Wanderer of the Wastes

A young man, a drifter, eats alone in an alley. He huddles beside an exhaust vent to warm himself, his jeans mud splashed, caked in grime. The shoppers go out of their way to avoid him, shunning away from the struggle in their midst. Steps quicken when eyes glance, the million miles on his shoulders, the scars etched on his face. He sits in darkness as one who no longer fears the night, a burn on the reel of all things normal.

“Walk on, preacher. Walk on, suit and tie. Walk on, café barista. Walk on, judge. Walk on, jury. Walk on, all I never knew. Walk on, just walk on.” He comments on the passersby.

His clothes are tattered as any man fallen from grace. Yet his silhouette, struggling to keep warm in the rain, makes the shoppers wary, as if he might morph into something dangerous. In poverty though he may dwell, he is not a husk, he is not a shell of glories forgotten. A lion perches, where they expected to see a crippled sheep.

The lion addresses everyone and no one in particular.

“I dreamed the world different than it was. Why can’t I seem to find that dream anywhere?

He answers himself. “Keep looking, keep going. El Dorado is just over the next hill. Bite through the acid, survive the nuclear winter, wander as a zombie into the golden streets.”

“Am I, perhaps, more dreaming than reality?”

Answering himself again, he says, “Remember what they say about antimatter. It collides through the universe, all the way to nonexistence. So you’ll go too, exploding against everything you touch.”

The Drifter talks mostly to his own mind. Isolation can fracture an identity. In solitude, every man is a ventriloquist, mouthing words of hope and futility. Miming both priest and debaucher, idealist and cynic, defense and prosecution. Weeping at one’s own jokes and laughing at one’s own tragedies.

“Sir, would you care to buy some artwork?”

A homeless quadriplegic wheels himself beside The Drifter. He presents several prints.

“I’m out of cash.” The Drifter unfurls a picture. “What you’ve painted is beautiful, though. Who is she?”

“It’s a picture of the kindest woman I ever met. She gave me a hug, told me I was a good man. She was crying. She said she could see me, actually see me, not just see my wounds. I loved her.”

“Was she real?” the Drifter asks.

“No, just a dream. You don’t meet kindness in this world.”

“So I’ve noticed.”

The drifter walks with the man a ways, across the business district.

Sapphire bulbs glow inside weaves of frosted tinsel. Soft electricity lights the Denver downtown. Pine boughs filter the dusk through evergreen spines. Santa’s rose cheeked smile hovers above a hundred storefronts. Peace on earth, good tidings to men, chatter from strip mall sound systems. A group of evangelists harangue another homeless man in one of the side alleys.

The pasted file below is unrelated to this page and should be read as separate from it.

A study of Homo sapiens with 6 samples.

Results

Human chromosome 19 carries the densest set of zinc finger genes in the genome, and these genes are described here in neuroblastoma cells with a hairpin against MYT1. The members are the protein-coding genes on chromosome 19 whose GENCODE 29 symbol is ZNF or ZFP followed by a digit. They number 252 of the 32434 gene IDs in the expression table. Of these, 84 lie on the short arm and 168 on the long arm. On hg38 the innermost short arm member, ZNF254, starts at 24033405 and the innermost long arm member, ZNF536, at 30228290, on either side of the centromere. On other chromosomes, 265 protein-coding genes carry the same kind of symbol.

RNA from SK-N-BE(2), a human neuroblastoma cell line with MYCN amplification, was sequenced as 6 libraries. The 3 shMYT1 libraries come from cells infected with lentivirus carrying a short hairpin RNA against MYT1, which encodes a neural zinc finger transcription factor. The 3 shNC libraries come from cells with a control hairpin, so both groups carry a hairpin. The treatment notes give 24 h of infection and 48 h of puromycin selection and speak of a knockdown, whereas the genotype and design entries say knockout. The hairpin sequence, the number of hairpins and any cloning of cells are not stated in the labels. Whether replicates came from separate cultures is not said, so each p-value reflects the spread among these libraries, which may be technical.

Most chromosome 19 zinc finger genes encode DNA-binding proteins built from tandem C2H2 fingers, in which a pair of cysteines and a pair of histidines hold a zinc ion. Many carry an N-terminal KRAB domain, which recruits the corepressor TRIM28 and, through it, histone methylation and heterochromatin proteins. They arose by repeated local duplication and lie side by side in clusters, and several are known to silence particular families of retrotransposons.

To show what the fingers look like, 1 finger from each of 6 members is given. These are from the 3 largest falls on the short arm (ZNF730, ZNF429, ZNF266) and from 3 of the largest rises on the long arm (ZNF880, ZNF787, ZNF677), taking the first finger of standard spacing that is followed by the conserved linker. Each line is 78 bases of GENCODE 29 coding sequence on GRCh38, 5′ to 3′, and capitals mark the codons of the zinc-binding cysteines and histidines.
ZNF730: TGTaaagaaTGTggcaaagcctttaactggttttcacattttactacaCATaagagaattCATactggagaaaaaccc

“We’d like to tell you about a man who suffered,” the evangelists tell the man.

“Where I’m from, that’s likely every man you see. And they probably suffered more than your man. Get out of here,” the homeless man replies.

“Joy to the world…,” the Drifter says, quietly, with a sour smile.

Footsteps echo between metro buildings, tapping as shoppers depart for home. The sky is a pink fluorescence, where city neon melts into clouds. Snow floats to earth, a tumble, a freefall, toward gasoline soaked slush. An owl’s shadow is visible briefly on the moon. Figures disperse from train station doors, sometimes into the arms of loved ones, sometimes into the dark alone. Bells waver, calling from dilapidated church towers.

The Drifter watches young mothers shepherd tiny feet through traffic. The children’s eyes haunt him. They flicker wistful through his mind. Human hopes gleam in a child’s eyes, something pure and unwounded dances. No limping monsters ripped bloody by hard luck exist in a child’s eyes. They are a universe where the goodness of god is never doubted.

“I’m not as terrible as your eyes accuse me of being,” he longs to yell.

The Drifter feels a sudden stupid need to justify his existence, before the mothers, the consumers, the Christmas pantheon. He wants to argue with the very gravity keeping him from floating into space. He wants to scream down the moon for reflecting cold sunlight. He almost begins his defense to the world jury, clears the bitterness from his throat as if to speak. Yet there is nothing to say, and surely, no one to listen. No futility is greater than attempting to be understood, no absurdity higher than conveying one life to another.

The Drifter leans his head against a steel grate, thinking. Good cheer and saccharine decor, the everglow of light, everything about Christmas inverts, becomes hollow, for a man with no one. He wonders if his sister burns a piece of sage for him, standing by the window, looking over snowy horizons. He wonders if the drums will sound on New Year ’s Eve, and someone will offer a prayer for the prodigal son, nephew, cousin, uncle. He wonders if the winds near the creek, the pines in the arbor, or the sand of a thousand dirt roads remember his name.

It could be. Or perhaps, no one remembers him. Save for the 3am winds, and the silent space, he conducts his life below.

“Climbed a thousand miles, what’s a hundred thousand more?”

The Drifter mutters to cavernous skyscrapers, mutters to no one but himself. He looks at his watch. He’s daydreamed too long. He needs to move.

Tom Swift Bird is an Oglala Lakota writer, musician, and activist. He attends Oglala Lakota College, where he majors in information technology and English/communications. He seeks to inspire creativity in others, while writing about issues facing the Pine Ridge Indian Reservation. He hopes to use his education to fill a need in his community.